As we approach the anniversary of September
11th, 2001, many of us are prone to think of our honorable members of the armed
forces who everyday are waking up and choosing to fight for our country. We
especially think of those brave men and women, as we understand how deep their
struggles go when they return back to civilian life.
Not only do many of our nation’s first responders and military veterans battle with mental health issues like anxiety, depression and PTSD, but many of them end up battling with substance abuse issues as well. Many first responders have unresolved trauma and often end up self-medicating with alcohol or other substances.
Members of the armed forces are not immune to the substance use problems that affect the rest of society. Although illicit drug use is lower among U.S. military personnel than among civilians, heavy alcohol and tobacco use, and especially prescription drug abuse, are much more prevalent and are on the rise.
Research on military conflicts in Iraq and Afghanistan have shown that both deployments and exposure to combat are correlated with increased alcohol intake, binge drinking, and other alcohol-related problems. In 2015, 30% of active-duty service members were binge drinkers. More than 5% were heavy drinkers. In the Marine Corps specifically, nearly half of these service members engaged in disordered or hazardous drinking.
it comes to illicit drugs, the military has a zero-tolerance for illicit drug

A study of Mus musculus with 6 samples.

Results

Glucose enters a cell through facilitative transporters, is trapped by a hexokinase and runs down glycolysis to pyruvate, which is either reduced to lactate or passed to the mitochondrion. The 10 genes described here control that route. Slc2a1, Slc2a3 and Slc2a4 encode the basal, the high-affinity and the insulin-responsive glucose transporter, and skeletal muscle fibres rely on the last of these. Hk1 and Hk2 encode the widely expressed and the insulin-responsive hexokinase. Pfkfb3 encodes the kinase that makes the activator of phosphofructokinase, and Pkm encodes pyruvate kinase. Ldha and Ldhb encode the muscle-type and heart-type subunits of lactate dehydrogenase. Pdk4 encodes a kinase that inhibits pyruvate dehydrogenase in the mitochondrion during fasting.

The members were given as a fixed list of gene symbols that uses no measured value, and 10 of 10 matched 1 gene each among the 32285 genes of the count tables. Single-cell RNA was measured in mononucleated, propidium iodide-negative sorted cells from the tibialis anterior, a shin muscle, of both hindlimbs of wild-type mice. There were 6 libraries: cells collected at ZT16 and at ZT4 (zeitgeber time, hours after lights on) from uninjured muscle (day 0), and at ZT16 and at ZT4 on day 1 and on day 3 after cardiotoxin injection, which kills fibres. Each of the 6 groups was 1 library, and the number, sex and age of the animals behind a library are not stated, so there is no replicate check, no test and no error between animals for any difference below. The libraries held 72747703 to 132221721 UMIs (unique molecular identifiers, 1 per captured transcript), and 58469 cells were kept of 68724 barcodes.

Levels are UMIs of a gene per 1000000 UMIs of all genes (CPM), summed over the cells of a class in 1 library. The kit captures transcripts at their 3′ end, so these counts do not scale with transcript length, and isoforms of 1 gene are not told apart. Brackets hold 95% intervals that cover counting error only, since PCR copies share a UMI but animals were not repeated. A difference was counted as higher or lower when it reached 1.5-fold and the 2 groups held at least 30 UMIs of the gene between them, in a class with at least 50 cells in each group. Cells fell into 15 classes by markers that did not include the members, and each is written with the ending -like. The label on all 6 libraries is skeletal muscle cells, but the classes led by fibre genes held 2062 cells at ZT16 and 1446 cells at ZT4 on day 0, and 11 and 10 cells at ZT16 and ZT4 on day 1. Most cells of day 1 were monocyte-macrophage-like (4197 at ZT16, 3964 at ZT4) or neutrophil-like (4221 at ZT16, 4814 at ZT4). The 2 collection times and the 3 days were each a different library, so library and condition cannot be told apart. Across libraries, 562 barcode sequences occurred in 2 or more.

use. Testing positive for an illegal substance on a random drug screen may
result in a dishonorable discharge and potential criminal charges. Because of
the very active and strenuous nature of work that occurs in many active-duty
military personnel, and of course combat, there is an increased risk of
physical injury. Treatment for injuries often involves prescription opioids,
pain-killing medications with a high potential for misuse and abuse.6
Misuse of prescribed pain medication may lead to an opioid use disorder.
Many veterans have unique issues related to pain management, with two-thirds reporting they experience pain. More than 9% reported that they experience severe pain, compared to only 6.4% of non-veterans, putting them at higher risk for accidental opioid pain reliever overdoses. From 2001 to 2009, the percent of veterans in the VHA system receiving an opioid prescription increased from 17% to 24%. Similarly, the overall opioid overdose rates of veterans increased to 21% in 2016 from 14% in 2010. However, the overdose increases were mostly from heroin and synthetic opioids, and not from opioids taken for pain relief.
Of course there are many reasons why and how someone begins to battle substance abuse of any kind. For our service and armed forces members, we understand that they have been through so much and may be at a higher risk to develop an unhealthy addiction of some kind.
In order to offer help to the families of first responders, our therapists are trained to understand the different dynamic of living with a first responder. We understand that being the loved one of a first responder comes with its challenges as well, from accepting a less than ordinary work schedule, living life with an expectation of perfectionism, and often communication issues amongst family members due to the need to stay tough and never show weakness. Windmill Wellness Ranch is here to treat you and your family.